Brand Performance Evaluations

It’s that time of year when formal employee performance reviews are due for 2011.  So how about evaluating how your brand did in 2011?  It is a great way to measure the current state of your brand and, more importantly, to lay out a plan for the year.  Here are a few critical areas to evaluate brand performance for the year:

Moving the Needle – Survey customers and prospects in your target market to determine perceptions of your company on your key brand attributes.  Did ratings of your company on these attributes increase, decrease or remain static?  Remaining static is not necessarily bad if you had high ratings on these attributes in the past.  With this data you can lay out plans to keep momentum or course correct where performance is not meeting expectations.  Also, you may be able to capture input on perceptions of your brand attributes by monitoring social media to see how often customers and prospects use these attributes in communicating about your company.

Competitor Analysis – While the research noted in the last section gives you a pure number to compare to past performance, you also want to evaluate how your brand is doing relative to your key competitors.  It is a danger sign if your competitors are improving performance on attributes and your brand is remaining static or has slid on these attributes.  Don’t be complacent if you and all your competitors have slid.  I have a friend in print advertising sales and every time I asked him how business was he said “We increased our market share”.  Unfortunately, it was increased market share of a shrinking market.  When brand performance is down across a whole category it probably means another product of service is eclipsing the market or a new competitor is about to leapfrog everyone.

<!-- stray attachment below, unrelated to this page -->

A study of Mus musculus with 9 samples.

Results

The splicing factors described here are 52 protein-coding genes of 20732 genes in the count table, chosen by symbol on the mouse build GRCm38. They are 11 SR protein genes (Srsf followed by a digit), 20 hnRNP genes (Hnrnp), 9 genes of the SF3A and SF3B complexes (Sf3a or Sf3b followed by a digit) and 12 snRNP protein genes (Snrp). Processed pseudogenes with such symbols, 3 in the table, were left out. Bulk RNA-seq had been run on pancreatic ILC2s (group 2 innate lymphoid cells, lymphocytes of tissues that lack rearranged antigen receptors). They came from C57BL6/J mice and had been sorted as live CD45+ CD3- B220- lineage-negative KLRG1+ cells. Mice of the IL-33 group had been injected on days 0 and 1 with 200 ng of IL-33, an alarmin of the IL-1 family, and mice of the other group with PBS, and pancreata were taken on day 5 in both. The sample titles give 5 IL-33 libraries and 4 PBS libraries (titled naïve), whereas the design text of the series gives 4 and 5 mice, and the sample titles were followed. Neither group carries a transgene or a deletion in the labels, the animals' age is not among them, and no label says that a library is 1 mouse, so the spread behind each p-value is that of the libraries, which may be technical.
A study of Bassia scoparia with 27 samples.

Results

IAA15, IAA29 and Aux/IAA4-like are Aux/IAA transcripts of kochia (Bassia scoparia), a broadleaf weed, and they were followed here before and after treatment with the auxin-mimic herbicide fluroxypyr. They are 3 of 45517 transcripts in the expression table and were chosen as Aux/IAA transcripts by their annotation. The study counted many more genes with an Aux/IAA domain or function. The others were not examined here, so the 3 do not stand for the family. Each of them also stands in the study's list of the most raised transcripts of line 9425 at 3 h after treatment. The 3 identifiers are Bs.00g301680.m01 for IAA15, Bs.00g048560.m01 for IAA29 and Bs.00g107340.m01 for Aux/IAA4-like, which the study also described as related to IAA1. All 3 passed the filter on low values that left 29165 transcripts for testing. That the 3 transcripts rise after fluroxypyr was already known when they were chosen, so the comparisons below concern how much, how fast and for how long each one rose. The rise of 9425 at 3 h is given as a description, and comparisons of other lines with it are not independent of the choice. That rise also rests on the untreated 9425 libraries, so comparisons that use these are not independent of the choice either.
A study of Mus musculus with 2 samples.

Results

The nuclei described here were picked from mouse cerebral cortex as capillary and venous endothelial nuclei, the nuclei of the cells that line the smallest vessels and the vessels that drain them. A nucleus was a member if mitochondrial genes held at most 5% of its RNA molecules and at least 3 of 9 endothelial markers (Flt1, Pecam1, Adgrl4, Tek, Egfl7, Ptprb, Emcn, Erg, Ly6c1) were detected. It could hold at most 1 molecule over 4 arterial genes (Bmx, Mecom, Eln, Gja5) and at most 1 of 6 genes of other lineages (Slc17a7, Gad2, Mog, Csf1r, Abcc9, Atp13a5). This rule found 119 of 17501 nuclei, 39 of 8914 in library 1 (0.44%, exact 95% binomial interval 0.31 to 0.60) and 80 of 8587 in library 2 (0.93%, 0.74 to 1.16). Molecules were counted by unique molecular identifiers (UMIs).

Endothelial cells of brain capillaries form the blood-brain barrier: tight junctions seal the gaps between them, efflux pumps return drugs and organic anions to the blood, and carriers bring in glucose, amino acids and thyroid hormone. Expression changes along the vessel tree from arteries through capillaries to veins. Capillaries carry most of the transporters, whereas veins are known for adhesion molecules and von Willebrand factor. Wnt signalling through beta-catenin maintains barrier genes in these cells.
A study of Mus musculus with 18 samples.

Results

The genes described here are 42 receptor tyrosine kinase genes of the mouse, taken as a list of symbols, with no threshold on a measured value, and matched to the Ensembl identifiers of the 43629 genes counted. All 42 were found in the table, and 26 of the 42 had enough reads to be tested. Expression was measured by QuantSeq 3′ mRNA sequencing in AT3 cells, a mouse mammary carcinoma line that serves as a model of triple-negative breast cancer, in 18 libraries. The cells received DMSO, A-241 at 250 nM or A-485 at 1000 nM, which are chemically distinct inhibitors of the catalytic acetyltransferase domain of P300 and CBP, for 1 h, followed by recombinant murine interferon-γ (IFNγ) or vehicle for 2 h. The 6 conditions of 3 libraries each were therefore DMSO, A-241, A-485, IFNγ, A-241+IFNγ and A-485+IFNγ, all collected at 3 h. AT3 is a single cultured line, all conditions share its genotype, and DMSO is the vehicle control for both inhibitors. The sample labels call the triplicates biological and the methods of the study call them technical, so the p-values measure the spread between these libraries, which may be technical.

Mind Share – An industry survey I used to participate in at a business-to-business company asked buyers a deceptively simple question:  Who do you consider the best company in the industry?   I thought it was a great question because it cut right to the heart of the brand.  I performed cross-analysis on how we and competitors were rated on factors important in the buying decision and the rankings of the best-in-the-industry question.   If rankings in the two areas were not aligned, it meant the brand was over or under leveraged.

Sales Conversion – Let’s face it, all the talk about brands and branding are meaningless to senior management unless there is tangible proof of an impact on sales.  Try to correlate brand performance with sales by evaluating new purchases and repeat purchases, and how brand performance is impacting both.  If brand performance is improving (on a pure basis and relative to competitors) but sales are not, look for disconnects in the brand-sales cycle.  If brand performance is slipping or remaining static  but sales are increasing, you should analyze why.  Is the sales group aligned with the brand and, if not, what from this positive deviation can be applied to brand messaging?

If you don’t have past data in these areas, you should measure now so you have a benchmark to rate future performance.  In early 2013 you can measure again to evaluate 2012 performance.